Drawing down 180 million barrels will leave the Strategic Petroleum Reserve at its lowest level since the 1980s.

ST. PETERSBURG, Fla. — To bring down rising gas prices, the federal government is now releasing 1 million barrels of oil a day through October from the U.S. Strategic Petroleum Reserve.

It all adds up to about one-third of the entire U.S. oil reserves – the largest release in U.S. history – ultimately putting it at its lowest level since 1984, according to GasBuddy petroleum analyst Patrick DeHaan.

Prior to the authorized release, the reserve was holding about 586 million barrels.

President Biden said it will be replenished as oil prices come down. But could such a large draw-down of the oil reserves have unintended consequences if there is a severe hurricane season?

Often, the reserves are tapped after a severe hurricane interrupts production.

We asked DeHaan if it puts us in a susceptible spot, given the start of the season is fast approaching.

"It's a little bit worrisome because obviously, we have less oil in the reserve, that means we have fewer tools should another emergency arise,” DeHaan said.

But even if our oil reserves are depleted to around 380 million barrels, DeHaan says that’s still plenty of oil. The federal minimum is around 350 million gallons.

“As an analyst, you’re always looking at where this withdrawal will put us. Will it put us further at risk?” he said. “But we’re also aware that oil prices are very high and this can be a very effective tool if done right to supply to a global market with the oil it needs.”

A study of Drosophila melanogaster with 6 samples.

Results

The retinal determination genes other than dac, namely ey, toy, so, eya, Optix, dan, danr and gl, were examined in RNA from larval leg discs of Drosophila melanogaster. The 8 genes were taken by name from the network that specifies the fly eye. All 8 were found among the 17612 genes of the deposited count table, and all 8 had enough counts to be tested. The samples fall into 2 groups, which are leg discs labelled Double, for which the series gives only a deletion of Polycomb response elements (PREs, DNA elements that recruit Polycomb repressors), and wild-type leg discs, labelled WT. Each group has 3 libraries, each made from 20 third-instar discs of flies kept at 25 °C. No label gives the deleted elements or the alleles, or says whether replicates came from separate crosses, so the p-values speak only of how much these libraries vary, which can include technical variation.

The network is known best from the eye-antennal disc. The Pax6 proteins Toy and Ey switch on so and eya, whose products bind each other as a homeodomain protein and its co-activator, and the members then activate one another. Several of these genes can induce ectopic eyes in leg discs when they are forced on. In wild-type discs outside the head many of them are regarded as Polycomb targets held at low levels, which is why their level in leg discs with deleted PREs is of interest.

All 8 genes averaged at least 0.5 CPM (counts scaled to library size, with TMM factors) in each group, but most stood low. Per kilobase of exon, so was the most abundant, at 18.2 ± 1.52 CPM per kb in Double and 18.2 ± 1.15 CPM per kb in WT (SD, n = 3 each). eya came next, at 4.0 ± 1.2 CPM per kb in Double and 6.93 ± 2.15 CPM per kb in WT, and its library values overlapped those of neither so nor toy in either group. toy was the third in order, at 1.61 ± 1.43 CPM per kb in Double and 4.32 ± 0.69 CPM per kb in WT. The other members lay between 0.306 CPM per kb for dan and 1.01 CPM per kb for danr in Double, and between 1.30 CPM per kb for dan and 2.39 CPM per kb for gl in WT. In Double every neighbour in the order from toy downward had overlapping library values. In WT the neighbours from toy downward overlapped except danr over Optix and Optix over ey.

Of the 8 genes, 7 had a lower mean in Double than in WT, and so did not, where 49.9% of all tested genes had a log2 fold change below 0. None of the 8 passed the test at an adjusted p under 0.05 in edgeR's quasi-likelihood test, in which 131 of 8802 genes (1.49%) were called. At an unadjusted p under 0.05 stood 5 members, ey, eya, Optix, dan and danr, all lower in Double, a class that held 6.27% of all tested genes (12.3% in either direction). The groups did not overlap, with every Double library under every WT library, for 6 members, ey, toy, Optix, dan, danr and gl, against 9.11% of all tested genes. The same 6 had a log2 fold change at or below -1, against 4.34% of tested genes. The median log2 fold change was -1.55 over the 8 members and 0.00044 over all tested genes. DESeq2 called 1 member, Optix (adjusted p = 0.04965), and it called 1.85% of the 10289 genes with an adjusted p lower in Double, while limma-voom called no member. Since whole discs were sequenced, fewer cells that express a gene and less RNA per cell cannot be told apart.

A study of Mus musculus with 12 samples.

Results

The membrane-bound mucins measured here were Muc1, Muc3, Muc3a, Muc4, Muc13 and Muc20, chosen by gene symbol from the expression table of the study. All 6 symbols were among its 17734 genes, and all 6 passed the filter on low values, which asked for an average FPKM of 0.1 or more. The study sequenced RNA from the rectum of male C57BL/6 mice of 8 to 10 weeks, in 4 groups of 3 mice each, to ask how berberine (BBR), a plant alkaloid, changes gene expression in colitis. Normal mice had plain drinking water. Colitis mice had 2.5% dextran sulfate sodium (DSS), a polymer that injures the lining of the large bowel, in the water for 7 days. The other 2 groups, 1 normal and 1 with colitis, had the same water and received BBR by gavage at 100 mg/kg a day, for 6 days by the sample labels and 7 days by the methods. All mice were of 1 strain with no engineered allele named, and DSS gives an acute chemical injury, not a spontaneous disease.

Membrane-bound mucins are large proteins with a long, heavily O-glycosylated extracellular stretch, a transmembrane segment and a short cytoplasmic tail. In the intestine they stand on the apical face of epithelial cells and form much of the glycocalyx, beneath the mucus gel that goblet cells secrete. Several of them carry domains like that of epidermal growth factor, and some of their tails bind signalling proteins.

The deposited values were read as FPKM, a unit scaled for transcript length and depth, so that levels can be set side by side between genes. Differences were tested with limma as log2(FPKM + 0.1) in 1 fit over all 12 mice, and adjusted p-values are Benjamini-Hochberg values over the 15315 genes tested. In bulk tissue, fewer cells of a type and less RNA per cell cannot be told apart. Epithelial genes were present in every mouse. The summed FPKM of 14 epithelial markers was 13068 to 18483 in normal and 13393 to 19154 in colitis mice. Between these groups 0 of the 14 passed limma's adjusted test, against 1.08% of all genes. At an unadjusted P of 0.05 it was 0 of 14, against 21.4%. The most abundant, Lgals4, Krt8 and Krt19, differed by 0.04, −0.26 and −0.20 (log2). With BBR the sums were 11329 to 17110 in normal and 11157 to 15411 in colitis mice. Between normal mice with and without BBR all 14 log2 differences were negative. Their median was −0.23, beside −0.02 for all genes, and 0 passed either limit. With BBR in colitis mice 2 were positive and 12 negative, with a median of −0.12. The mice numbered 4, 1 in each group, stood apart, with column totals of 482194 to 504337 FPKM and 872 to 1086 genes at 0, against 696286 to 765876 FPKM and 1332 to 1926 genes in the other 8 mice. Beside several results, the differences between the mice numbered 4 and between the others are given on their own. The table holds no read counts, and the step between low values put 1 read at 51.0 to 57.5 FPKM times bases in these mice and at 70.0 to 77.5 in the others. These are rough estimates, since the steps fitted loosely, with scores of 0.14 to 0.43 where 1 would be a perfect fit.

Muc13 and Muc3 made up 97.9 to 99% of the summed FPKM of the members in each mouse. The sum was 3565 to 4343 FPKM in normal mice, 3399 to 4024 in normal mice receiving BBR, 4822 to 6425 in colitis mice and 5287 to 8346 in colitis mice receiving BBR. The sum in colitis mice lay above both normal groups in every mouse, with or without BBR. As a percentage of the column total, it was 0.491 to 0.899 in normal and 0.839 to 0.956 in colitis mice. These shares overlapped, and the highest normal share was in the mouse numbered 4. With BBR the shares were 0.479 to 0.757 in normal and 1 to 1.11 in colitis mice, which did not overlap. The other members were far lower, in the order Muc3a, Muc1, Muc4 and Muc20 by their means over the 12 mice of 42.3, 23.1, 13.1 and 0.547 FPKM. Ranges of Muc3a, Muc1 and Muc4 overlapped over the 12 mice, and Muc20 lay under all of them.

How does the Strategic Reserve work?

The Strategic Petroleum Reserve (SPR) can hold more than 700 million barrels of oil in four government-operated complexes with deep underground storage caverns created in salt domes along the Texas and Louisiana Gulf Coast.

It was established in the mid-1970s in response to the oil crisis and is managed by the Department of Energy.

The reserve has been tapped for various reasons, from offsetting the impact of hurricanes and ship-channel closings to raising money for deficit reduction.

The U.S. Energy Department either sells the oil outright or swaps it with oil companies that are required to return it with interest.

In 2005, during a record-breaking hurricane season, the president authorized an emergency release of 20 million barrels of oil after Hurricane Katrina.

Roughly two million barrels were released last year after Hurricane Ida.

This latest release marks the third time in six months the U.S. has tapped the SPR.

Back in November, he ordered the release of 50 million barrels of oil. Then, in his state of the union speech in March, Biden announced another 30 million barrels as part of a multi-nation effort to boost the oil supply.

The Associated Press contributed to this report.